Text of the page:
The Top 7 Trends for Private Investigators

Criminal Defense

The criminal defense investigator is the right arm of the successful criminal defense lawyer. Your main goal is to help the lawyer get an acquittal for your client. To do this, you must find evidence to establish reasonable doubt about whether your client committed the crime.

You therefore need to research the law relating to the crime that your client is charged with so you understand the specific elements of the crime. You need to inspect and examine all materials handed over by the prosecution. You should also  examine every police and prosecution document, report and form, no matter how routine or insignificant it may seem to look for any inconsistencies. 

Your job may also include examining the crime scene, interviewing witnesses, and anything else that the lawyer thinks might help win the case.

To be a criminal defense investigator, you must have a working knowledge of federal and state laws, and you need a thorough understanding of the proper police criminal investigation techniques, since your investigation will closely follow theirs. You must also be painstaking and persistent. The payback? Criminal defense investigation is one of the most interesting, challenging and personally satisfying specialties.

An education in criminology and political science might give you an edge in this field, and paralegal training can also be quite an asset. There are also many training courses and seminars that deal with criminal defense investigation. I've listed a couple but you can do a search to find countless others.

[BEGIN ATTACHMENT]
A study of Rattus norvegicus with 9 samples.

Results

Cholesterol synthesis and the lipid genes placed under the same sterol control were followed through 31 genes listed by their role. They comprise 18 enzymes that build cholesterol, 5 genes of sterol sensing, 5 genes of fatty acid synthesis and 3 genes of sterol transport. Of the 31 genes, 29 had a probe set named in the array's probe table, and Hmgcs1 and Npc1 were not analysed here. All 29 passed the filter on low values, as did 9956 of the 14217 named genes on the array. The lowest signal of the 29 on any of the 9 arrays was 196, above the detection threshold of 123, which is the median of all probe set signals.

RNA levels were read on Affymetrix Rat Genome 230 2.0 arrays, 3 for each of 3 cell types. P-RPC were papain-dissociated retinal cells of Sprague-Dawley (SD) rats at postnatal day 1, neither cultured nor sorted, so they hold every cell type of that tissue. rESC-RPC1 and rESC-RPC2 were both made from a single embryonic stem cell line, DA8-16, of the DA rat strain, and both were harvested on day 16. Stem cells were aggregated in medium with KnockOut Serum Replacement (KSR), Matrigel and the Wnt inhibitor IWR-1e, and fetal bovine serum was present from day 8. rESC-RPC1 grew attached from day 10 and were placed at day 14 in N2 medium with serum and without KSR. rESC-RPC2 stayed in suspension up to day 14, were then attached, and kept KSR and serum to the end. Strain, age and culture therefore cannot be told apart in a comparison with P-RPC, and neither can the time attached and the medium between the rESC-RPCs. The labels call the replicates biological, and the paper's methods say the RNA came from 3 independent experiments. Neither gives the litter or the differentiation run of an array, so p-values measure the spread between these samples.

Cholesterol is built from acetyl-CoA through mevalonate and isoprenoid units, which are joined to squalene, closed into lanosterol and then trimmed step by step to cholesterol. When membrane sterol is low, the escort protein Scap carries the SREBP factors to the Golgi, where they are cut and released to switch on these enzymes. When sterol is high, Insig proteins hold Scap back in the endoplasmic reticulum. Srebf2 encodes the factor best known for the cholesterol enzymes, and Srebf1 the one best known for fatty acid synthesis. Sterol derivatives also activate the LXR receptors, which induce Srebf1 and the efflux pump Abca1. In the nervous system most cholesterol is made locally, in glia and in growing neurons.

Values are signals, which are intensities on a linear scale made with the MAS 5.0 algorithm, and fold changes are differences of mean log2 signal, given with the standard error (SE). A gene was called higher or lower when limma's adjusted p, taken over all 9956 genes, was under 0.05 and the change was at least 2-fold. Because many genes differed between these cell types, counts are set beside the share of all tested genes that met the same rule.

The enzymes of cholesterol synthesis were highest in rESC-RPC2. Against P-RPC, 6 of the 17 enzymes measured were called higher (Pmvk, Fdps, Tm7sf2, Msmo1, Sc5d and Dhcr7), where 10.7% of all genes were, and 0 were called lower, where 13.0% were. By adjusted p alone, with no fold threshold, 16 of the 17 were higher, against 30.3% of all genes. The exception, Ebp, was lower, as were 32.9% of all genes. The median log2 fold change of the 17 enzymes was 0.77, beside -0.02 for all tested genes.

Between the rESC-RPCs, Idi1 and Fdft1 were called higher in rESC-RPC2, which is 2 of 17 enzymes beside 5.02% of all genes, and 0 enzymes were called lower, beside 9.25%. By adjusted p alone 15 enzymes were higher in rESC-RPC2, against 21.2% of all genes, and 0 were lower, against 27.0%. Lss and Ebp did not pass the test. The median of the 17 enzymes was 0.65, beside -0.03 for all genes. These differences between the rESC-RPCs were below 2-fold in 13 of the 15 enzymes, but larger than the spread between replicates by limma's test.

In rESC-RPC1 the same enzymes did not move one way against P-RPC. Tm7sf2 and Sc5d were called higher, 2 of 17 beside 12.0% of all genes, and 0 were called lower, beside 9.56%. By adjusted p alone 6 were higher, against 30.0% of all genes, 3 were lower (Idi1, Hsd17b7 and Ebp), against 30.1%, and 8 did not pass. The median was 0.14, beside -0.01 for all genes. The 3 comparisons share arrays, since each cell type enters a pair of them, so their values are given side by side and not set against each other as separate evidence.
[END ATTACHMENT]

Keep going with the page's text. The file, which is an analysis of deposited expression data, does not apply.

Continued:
The Criminal Defense Investigation Training Council - Seminars & Training Programs
    http://www.defenseinvestigator.com/seminars.html

    Lion Investigation Academy - Basic Criminal Defense Investigation 
    http://www.advsearch.com/diploma.htm

There are also Investigative Internship programs available. You can do a search to see if there are any available near you. Some of them are only open to students enrolled in a four-year university program or graduates of those programs, which you may already be if you have been working towards becoming a PI too. For example:
    Georgetown University Criminal Justice Clinic Investigative Internship Program
    http://www.law.georgetown.edu/clinics/cjc/iip.html
A great opportunity to break into this field is to volunteer at your local public defenders office. Web sites for some of the county, state, and federal public defenders office can be found at:
NDIA Links
http://www.ndia-inv.org/links.html
Here are some additional resources to help you get started:
    Crime & Clues: The Art and Science of Criminal Investigation
    http://crimeandclues.com

    Crime Scene Investigation
    http://www.crime-scene-investigator.net/index.html

    National Association of Legal Investigators
    http://www.nalionline.org/index.html

    "Seventeen Point Check List For Working A Capitol Criminal Defense Case" by Suzanne Serdahley
    http://www.pimall.com/nais/n.murder.html

    NCIT Tricks of the Trade
    http://www.ncit.com/Tips___Tricks/tips___tricks.html

The above is only a small sample of the valuable information in the FabJob Guide to Become a Private Investigator. The complete guide contains more information about career opportunities plus detailed information on how to get hired as a private investigator. Visit www.FabJob.com/privateinvestigator.asp for more information.